Wednesday, September 1, 2010

British Blue Eyed Soul Belters: The V.I.P.'s

THE V.I.P.'s-I Wanna Be Free/Don't Let It Go Germany Fontana 269346 TF 1966

The V.I.P.'s were a British 60's r&b band who had a few singles released in their home nation but were far more prolific "on the Continent", specifically Germany and France (where they had a staggering four E.P.'s released, all of which are worth a pretty Euro these days). The line up for this 45 was: Mike Harrison (lead vocals), Jim Henshaw (lead guitar), Frank Keyon (rhythm guitar), Greg Ridley (bass later to join Humble Pie) and Walter Johnstone (drums).

This was a German pressing (it was released on Chris Blackwell's Island label back in the U.K.) and was also produced by Blackwell.  The band's weak point was that they were essentially a covers band, but their strongest point was that that had a fine soulful vocalist in the form of Mike Harrison.  Their verson of Joe Tex's Dial single "I Wanna Be Free" is carried on the strength of Harrison's voice.  Whereas the Tex original is more uptempo soul backed by horns and thoroughly dance floor friendly, The V.I.P.'s slow it down, strip it down and turn it into a blues number.  Harrison wails like  he was born to sing the blues and Henshaw's guitar solo is the proverbial cherry on top.  In my book this blows the original away by a longshot.  The flipside, "Don't Let It Go" is more of a soul number, though I'm not familiar with the original I'm sure it's a cover.  It's equally slow but less bluesy, more of a belter and I can easily imagine Bobby "Blue" Bland doing something like this.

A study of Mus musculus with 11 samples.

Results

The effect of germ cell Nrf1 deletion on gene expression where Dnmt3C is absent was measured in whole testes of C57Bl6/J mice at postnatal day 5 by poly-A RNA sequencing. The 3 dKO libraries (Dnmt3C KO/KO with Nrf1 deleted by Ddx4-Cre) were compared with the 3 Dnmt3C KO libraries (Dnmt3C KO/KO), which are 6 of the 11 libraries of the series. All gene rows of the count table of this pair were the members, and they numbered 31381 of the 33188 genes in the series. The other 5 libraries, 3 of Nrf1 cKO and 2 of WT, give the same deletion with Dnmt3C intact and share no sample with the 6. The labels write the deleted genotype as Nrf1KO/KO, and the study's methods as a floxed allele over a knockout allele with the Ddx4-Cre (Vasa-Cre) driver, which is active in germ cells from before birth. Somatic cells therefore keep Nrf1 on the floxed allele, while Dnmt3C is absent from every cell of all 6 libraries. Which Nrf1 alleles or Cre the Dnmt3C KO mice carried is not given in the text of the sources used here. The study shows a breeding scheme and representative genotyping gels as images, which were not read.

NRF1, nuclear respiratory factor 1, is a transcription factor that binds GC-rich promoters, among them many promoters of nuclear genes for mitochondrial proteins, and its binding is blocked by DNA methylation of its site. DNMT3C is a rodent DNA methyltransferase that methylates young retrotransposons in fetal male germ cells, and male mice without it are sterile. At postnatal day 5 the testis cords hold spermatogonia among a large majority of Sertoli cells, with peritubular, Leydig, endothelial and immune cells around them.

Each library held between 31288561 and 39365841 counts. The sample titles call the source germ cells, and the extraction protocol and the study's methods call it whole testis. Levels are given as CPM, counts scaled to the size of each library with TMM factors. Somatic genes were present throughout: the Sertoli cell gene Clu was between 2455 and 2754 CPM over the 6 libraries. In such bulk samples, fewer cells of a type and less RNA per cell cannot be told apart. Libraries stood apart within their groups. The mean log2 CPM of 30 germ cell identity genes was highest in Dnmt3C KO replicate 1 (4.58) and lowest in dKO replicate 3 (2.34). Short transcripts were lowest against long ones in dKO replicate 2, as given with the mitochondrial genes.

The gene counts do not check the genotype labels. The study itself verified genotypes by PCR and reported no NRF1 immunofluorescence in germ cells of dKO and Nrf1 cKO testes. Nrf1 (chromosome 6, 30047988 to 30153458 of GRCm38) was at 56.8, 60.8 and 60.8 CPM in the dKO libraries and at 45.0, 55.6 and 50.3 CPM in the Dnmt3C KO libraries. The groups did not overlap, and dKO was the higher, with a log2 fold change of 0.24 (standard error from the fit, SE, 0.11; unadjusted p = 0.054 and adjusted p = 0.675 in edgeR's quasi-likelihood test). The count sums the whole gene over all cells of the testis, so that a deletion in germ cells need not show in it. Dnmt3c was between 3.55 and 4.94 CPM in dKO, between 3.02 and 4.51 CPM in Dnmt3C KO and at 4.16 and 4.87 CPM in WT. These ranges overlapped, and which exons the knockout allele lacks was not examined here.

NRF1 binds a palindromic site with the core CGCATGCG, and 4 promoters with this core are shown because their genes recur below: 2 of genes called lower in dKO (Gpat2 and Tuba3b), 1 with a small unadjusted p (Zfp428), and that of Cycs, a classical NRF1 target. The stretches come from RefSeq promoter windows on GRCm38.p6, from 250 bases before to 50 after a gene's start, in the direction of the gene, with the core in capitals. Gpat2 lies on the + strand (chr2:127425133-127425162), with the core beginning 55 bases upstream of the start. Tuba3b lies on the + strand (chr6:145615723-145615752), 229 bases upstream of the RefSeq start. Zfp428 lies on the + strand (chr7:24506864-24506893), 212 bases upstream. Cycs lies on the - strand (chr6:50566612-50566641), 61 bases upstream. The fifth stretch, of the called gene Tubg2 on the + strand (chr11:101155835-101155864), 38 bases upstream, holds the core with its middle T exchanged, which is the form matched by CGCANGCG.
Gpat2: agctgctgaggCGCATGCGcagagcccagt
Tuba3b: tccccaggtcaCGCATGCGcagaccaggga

The band's members changed (at one point Keith Emerson joined them) and they made a few more singles until 1967 when they mutated into the psychedelic band Art, who cut a one single (more on that in another post) and an LP for Island called "Supernatural Fairytales" before morphing into Spooky Tooth. There was a V.I.P.'s CD compilation out in the U.K. called "The Singles" but it has since gone out of print.

1 comment:

Blue Shed Thinking said...

Spooky Tooth's On Love has one of the best intros going - rusty guitar riffs into a stomping rhythm section. Must replace my worn out copy some time.